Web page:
Meetings help CMs, pregnant women bond

Incentives encourage keeping appointments

By meeting at-risk pregnant women face-to-face in their physician's office, a case manager from BlueCross BlueShield is able to successfully engage the Medicaid recipients in case management and work to meet their needs throughout the pregnancy.

"When the telephonic case managers call members, they're sometimes not open to participating in the program or think they have no need. It makes a big difference to have a person in the office who works with them face-to-face. Since we started the program in June 2012, nobody has turned us down," says Roanna Williams, RN, CCM, supervisor of case management for the Chattanooga-based health plan. BlueCross BlueShield of Tennessee covers its Medicaid members under the Volunteer State Health Plan.

The face-to-face interventions, part of the Caring Start in Your Neighborhood high-risk case management program, take place in an obstetrical practice office that treats a high volume of health plan members, many of whom are at high risk for complications of pregnancy and pre-term births.

In addition to the face-to-face program, the health plan's CaringStart program provides telephonic case management for high-risk women who see other providers during pregnancy. The health plan sends educational materials to all pregnant women.

The health plan uses its medical informatics tool to get weekly reports of women who are pregnant. The tool uses information from the state of Tennessee on newly eligible members who are pregnant, as well as claims data for prenatal vitamins, pregnancy tests, ultrasounds, or other procedures that indicate pregnancy. Referrals also come from physician offices.

The tool identifies pregnant women who have been treated for substance abuse, who had problems with a previous pregnancy, pre-term births, or other factors that indicate the women may be at risk for a preterm birth or other complications. Women who are under 17 and over 35 also are considered to be at risk.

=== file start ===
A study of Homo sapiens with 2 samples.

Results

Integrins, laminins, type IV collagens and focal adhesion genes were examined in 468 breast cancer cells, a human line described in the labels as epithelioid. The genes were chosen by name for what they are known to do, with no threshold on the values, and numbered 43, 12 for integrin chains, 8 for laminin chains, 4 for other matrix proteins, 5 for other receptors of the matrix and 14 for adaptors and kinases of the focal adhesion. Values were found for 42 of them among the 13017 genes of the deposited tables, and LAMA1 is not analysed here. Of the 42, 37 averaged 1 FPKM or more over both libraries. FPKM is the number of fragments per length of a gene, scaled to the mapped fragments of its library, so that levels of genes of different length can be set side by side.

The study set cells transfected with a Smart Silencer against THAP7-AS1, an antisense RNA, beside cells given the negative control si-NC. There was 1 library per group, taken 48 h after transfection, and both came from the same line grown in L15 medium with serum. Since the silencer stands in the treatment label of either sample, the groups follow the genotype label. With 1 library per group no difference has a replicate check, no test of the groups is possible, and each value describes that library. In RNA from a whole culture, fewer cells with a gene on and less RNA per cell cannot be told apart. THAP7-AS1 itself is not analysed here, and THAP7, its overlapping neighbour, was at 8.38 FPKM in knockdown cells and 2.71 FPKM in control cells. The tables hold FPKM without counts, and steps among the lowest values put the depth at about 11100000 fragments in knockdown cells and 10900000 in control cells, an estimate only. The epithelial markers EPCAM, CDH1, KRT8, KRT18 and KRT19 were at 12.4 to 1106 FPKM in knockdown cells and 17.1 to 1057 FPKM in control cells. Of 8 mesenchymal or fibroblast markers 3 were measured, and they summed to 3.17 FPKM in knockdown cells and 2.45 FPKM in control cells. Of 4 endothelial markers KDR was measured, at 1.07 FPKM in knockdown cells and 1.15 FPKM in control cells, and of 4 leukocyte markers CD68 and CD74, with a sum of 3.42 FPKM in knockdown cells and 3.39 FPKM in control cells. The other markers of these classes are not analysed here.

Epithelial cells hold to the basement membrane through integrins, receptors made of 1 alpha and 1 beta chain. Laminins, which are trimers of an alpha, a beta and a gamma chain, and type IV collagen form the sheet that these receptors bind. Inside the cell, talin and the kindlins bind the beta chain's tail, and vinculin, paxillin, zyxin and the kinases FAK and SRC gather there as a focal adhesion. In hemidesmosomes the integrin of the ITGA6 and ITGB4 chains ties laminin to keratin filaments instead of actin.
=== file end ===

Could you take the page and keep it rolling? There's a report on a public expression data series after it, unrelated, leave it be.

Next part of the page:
The physician office selected for the CaringStart in Your Neighborhood program has provided office space for the health plan case manager and notifies her when at-risk members have an appointment. The case manager is in the office five days a week. A social worker shares her time between the obstetrical office and a nearby pediatric clinic. The case manager can call on behavioral health professionals as needed when members have issues such as substance abuse.

"Sometimes all three meet with the woman who has a lot of complicated needs," Williams says.

The health plan offers incentives to members in the face-to-face program. When they enroll, they receive a bag with baby supplies. They receive a gift card following every physician visit and a large gift card along with a baby bag filled with supplies when they come to their post-partum visit.

The case manager sees patients while they are waiting to see the doctor, and finds out how she can help. She educates them on healthy behaviors and what to expect during pregnancy. She does an initial assessment and reviews information from the physician office's records to find out about the home situation and the patient's social needs.

For instance, some women indicate that they are living with friends and don't have a place to live when the baby is born, or they don't have a crib or a car seat, and some don't have food in the house. Sometimes they tell the case manager about suffering domestic violence.

"It's amazing how needy this population is and how many resources they need," Williams says. The case manager is familiar with community resources that may help the member find housing assistance, help with utilities, food, and baby supplies and can call on the social worker for assistance. When the member has a lot of needs, both the social worker and the case manager help her access the assistance she requires.

Case managers in the telephonic program call the at-risk members, identify themselves as maternity nurses from the health plan, and conduct an extensive assessment to identify the women's medical issues and psychosocial needs. Based on the information they gather, they call back at least every 30 days, more often if necessary. If a woman develops gestational diabetes or hypertension, the case manager counsels her about diet, exercise, and following the medication regimen prescribed by her physician.

They follow up for 10 weeks after delivery, conduct a depression screening, discuss contraception and how to care for the baby, and reinforce the importance of a post-partum visit. They refer women with chronic illnesses to the regular case management program.

The health plan sends members a maternity tool kit with educational materials about having a healthy pregnancy, what to expect week-by-week, signs and symptoms that indicate problems, and information on the importance of regular physician visits. They reinforce the information during the phone calls.

"We try to identify pregnant women as early as possible in the pregnancy in order to have the greatest impact on the pregnancy. Our goal is to help our members have a healthy pregnancy and avoid having premature and low birth weight babies," Williams says.